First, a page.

Throwing cold water on any talk that Illinois finances are looking better
State government still faces a severe structural budget gap, a new report warns, and every possible fix is painful.
The fiscal news in Illinois of late has been a whole lot better than just about anyone expected. March’s base general funds revenue grew by $422 million versus a year ago, mainly because of stronger than expected receipts of personal and corporate income taxes and sales taxes. That follows a growth of $330 million in February’s receipts.
The revenue surge has been so rosy that some have openly wondered whether Gov. J.B. Pritzker was telling the truth last year when he warned voters that failing to approve a graduated income tax, which would’ve eventually produced more than $3 billion a year in new revenues, would result in budget cuts or higher taxes.
In-depth political coverage, sports analysis, entertainment reviews and cultural commentary.
But a little noticed budget forecast published during spring break by the Legislature’s Commission on Government Forecasting and Accountability threw cold water on all the excitement.
“The 2017 income tax increase closed some of the structural gap in the budget but the state still has more work to do to truly be able to operate under a sustainable model moving forward,” COGFA reported.
That structural budget gap also came up in a recent report by the University of Illinois’ Institute of Government and Public Affairs, which noted that Illinois’ expenditures exceeded revenue by roughly 10% each year between 2010 and 2020.
But back to COGFA’s report, which claimed that, “as demonstrated in this report, based on forecast models, the state needs to raise more revenue and/or reduce expenditures.”
The commission produced several scenarios, including one that used the projected spending for this fiscal year and next fiscal year and applied the 2.7% annual spending growth averaged here over the past five years. In that scenario, the Fiscal Year 2022 deficit would be $1.2 billion, FY23’s deficit would be $1.7 billion and the FY24 budget would have a $1.9 billion hole and a $9.9 billion backlog on paying bills. That backlog is currently $5.4 billion.
Basing projections on the same two fiscal years with an average 3.2% spending growth seen in Illinois over the past ten years, the projected Fiscal Year 2024 deficit grows to $2.3 billion and the bill backlog would be $10.6 billion.
But basing calculations on only this fiscal year’s spending would produce even higher deficits and backlogs: A $5 billion deficit and a $19.1 billion backlog by FY2024 assuming a 2.7% annual spending growth; and a whopping $5.7 billion deficit and a $20.5 billion bill backlog assuming a 3.2% spending growth.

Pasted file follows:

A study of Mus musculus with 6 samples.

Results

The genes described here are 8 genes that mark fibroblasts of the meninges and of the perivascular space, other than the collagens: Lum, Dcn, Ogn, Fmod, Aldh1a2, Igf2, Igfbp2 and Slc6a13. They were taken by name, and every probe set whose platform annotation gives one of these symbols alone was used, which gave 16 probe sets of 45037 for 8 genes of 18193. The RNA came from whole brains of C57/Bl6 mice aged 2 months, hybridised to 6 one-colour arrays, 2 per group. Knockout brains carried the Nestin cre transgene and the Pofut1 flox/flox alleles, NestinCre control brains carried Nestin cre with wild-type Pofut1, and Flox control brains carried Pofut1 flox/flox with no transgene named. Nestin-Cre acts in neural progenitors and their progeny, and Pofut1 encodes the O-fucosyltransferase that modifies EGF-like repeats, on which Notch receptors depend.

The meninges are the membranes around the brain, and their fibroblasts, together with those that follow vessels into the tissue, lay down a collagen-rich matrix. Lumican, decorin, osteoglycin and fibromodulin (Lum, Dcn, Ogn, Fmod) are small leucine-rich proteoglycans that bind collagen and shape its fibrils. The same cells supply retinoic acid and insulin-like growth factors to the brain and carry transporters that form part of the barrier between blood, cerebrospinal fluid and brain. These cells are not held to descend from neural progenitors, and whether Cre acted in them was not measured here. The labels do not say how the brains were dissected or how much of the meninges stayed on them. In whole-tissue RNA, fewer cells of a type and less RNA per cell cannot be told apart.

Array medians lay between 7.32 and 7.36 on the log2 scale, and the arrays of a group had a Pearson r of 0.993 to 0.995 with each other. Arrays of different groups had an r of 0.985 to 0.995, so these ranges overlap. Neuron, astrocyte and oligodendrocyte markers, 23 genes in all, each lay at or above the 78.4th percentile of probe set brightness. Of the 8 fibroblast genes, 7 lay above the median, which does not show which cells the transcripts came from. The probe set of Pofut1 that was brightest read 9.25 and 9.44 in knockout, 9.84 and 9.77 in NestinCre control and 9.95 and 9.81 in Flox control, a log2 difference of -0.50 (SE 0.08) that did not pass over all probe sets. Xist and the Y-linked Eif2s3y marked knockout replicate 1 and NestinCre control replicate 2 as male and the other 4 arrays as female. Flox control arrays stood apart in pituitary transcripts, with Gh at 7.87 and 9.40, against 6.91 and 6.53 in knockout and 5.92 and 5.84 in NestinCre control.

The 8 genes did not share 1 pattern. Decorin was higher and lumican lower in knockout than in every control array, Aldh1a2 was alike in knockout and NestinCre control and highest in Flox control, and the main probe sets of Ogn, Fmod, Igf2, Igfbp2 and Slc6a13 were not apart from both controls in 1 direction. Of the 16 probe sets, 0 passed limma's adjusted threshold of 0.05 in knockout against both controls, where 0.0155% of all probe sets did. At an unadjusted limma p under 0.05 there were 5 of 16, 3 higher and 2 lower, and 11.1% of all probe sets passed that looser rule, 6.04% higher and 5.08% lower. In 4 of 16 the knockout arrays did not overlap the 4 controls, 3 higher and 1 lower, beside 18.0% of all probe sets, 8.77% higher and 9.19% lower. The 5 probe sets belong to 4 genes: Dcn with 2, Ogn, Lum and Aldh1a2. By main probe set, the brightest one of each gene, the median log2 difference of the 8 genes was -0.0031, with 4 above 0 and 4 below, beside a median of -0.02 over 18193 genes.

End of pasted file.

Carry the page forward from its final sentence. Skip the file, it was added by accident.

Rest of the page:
To bring the bill backlog down to zero dollars, COGFA calculated that the state would need annual spending cuts of 5.3% and 4.7%, depending on which fiscal year spending base was used in the projection.
Zero-growth budgets would produce a $413 million surplus and a $6.5 billion backlog by 2024 in one scenario and a $1.4 billion deficit and a $12 billion backlog in the other.
But even achieving flat spending is hugely difficult because of ever-increasing pension obligations, medical inflation and education spending pressures, not to mention all the other programs that legislators and governors devise.
One of COGFA’s suggestions is to reduce statutory interest rates on past-due bills of between 9 and 12 % annually, which it claimed could reduce spending by $15 million to $45 million per year. While it looks good on paper, the hard fact remains that vendors have been stiffed for two decades by this state and it’s already difficult to find people who will do business with Illinois. Cutting that interest rate would make it even tougher.
COGFA also suggested expanding the sales tax base, which is something the governor has rejected.
But the commission did have one piece of sound advice: Use the $7.5 billion from the federal government’s new American Rescue Plan to pay off the money borrowed from the feds, pay down the state’s bill backlog, use some of the cash to generate as much federal matching funds as possible and patch any COVID-caused budgetary holes.
That definitely would help keep down the projected bill backlogs, but it wouldn’t do much to correct the structural budget problems Illinois has had for many years. That opportunity was lost last November when Pritzker’s “Fair Tax” plan went down in flames at the polls.
While the governor’s $1 billion “corporate loopholes” proposal would make a dent in those projected holes, a new and comprehensive plan is necessary. But it’ll be pretty tough with an election year right around the corner. Petitions can be circulated in about five months.
Rich Miller also publishes Capitol Fax, a daily political newsletter, and CapitolFax.com.
Send letters to firstname.lastname@example.org.